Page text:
With a glittering playing career behind him Michael Laudrup is doing his best to prove that great players can make great coaches.
Having won league titles in Italy, Spain and Holland with Juventus, Barcelona, Real Madrid and Ajax, Laudrup cut his teeth as a manager in his native Denmark with Bronby.
He won four trophies in four seasons—including the league title and Danish Cup twice—as he quickly established himself as a coach keen for his side to play the game in his own graceful image.
Stuttering, short spells followed at Getafe, Spartak Moscow and Real Mallorca before he was announced as Brendan Rodgers' replacement at Swansea in the summer of 2012.
Like Chris Hughton and Steve Clarke, he had a hard act to follow after Rodgers' brand of exemplary passing football got the Swans to 11th place in their first season back in the top flight for a generation.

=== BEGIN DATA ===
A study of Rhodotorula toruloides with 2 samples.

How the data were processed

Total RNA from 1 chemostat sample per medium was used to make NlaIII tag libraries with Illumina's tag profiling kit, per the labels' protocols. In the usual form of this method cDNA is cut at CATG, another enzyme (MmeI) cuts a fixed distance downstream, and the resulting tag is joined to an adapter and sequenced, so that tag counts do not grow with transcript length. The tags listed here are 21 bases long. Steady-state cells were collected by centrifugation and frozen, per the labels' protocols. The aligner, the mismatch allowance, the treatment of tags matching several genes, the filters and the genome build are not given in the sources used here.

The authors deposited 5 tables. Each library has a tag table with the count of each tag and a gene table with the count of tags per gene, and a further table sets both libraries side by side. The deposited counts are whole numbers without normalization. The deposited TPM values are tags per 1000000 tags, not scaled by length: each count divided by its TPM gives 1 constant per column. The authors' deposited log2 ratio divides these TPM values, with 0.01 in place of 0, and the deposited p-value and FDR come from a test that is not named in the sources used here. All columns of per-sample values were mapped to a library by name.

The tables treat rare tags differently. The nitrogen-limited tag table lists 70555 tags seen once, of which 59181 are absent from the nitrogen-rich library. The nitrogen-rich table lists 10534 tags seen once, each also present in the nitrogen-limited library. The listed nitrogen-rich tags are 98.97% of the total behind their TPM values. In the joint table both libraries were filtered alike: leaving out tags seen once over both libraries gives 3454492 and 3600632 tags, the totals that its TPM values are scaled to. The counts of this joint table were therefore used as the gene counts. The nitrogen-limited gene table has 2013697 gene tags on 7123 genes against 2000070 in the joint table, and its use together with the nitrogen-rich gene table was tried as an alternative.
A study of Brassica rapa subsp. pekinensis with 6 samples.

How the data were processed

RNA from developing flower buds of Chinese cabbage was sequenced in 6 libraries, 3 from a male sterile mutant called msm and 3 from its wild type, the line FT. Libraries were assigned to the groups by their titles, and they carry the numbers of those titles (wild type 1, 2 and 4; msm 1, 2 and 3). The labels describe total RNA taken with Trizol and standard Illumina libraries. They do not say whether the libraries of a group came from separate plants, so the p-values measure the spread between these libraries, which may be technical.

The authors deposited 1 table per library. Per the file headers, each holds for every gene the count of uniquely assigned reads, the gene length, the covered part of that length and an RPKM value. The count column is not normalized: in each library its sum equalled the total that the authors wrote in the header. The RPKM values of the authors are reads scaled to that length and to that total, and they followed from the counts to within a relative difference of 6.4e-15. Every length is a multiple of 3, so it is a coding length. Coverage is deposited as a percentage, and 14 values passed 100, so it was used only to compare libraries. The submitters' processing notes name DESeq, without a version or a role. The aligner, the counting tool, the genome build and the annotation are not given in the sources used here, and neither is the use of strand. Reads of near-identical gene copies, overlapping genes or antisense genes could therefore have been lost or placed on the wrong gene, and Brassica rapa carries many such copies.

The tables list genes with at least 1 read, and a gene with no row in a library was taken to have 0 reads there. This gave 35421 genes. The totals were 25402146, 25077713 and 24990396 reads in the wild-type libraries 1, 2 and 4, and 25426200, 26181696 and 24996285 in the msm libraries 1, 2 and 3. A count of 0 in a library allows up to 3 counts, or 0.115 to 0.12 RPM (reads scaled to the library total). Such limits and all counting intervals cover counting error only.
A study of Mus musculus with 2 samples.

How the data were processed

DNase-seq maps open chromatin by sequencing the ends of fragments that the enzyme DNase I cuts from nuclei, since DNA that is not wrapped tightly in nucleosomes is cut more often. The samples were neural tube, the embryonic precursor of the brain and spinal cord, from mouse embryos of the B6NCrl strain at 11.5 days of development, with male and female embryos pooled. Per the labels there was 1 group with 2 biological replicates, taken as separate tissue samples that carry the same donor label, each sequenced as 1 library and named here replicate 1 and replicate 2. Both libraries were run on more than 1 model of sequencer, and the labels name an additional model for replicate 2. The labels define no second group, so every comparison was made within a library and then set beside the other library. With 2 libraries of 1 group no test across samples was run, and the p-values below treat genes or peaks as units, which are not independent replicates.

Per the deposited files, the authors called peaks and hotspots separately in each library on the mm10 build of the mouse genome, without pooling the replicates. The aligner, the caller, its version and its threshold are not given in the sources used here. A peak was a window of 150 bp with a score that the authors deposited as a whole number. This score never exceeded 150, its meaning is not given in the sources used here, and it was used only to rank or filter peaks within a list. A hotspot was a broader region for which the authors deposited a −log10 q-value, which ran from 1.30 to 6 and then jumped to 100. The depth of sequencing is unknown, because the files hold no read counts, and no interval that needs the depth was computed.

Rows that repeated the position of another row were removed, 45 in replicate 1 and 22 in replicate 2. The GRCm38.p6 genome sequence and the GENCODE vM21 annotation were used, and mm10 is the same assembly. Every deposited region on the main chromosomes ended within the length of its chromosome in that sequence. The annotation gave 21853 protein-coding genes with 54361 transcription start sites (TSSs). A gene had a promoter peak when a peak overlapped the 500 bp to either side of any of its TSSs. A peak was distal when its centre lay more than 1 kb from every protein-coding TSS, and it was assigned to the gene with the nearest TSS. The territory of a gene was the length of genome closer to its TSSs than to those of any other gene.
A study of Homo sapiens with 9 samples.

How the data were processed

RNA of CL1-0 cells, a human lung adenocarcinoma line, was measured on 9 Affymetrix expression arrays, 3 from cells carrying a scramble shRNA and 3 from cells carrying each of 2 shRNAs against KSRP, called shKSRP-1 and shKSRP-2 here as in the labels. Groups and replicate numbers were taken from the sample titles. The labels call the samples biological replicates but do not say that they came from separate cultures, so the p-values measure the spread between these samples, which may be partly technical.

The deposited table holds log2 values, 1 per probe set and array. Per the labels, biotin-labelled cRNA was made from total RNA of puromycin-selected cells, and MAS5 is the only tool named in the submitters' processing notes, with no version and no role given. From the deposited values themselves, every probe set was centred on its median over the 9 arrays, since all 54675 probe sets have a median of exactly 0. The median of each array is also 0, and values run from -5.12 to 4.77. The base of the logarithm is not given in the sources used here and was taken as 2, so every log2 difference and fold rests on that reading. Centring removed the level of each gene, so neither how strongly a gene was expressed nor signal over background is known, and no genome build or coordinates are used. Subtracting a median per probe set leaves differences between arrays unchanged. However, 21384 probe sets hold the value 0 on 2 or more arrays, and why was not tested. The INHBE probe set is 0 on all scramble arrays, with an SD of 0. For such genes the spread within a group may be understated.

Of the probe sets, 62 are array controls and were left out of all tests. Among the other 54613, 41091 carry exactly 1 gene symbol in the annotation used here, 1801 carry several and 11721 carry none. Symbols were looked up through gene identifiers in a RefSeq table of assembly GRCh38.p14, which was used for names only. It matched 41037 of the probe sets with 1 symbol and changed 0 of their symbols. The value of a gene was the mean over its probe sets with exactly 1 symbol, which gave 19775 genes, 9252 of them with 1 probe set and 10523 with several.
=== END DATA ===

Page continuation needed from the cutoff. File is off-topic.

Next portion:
Like Hughton and Clarke, Laudrup has taken the foundations and improved things still further.
His pick-up of Michu for only £2 million has proved one of the best bargains in recent history, and the Spaniard's decision to extend that deal for another four years merely confirms Laudrup's influence.
By far his greatest achievement, though, was winning the Capital One Cup.
It was the Welsh club's first major trophy in its history and confirmed Laudrup as one of the game's brightest managerial prospects.
His success has led to obvious speculation about his future with Swansea already thinking about a contingency plan should Laudrup leave.
Brendan Rodgers got the Liverpool job by finishing 11th.
Swansea, already with a trophy, are 9th at the moment.
As a player Laudrup had the world at his feet. It won't be long before the same thing applies as a manager.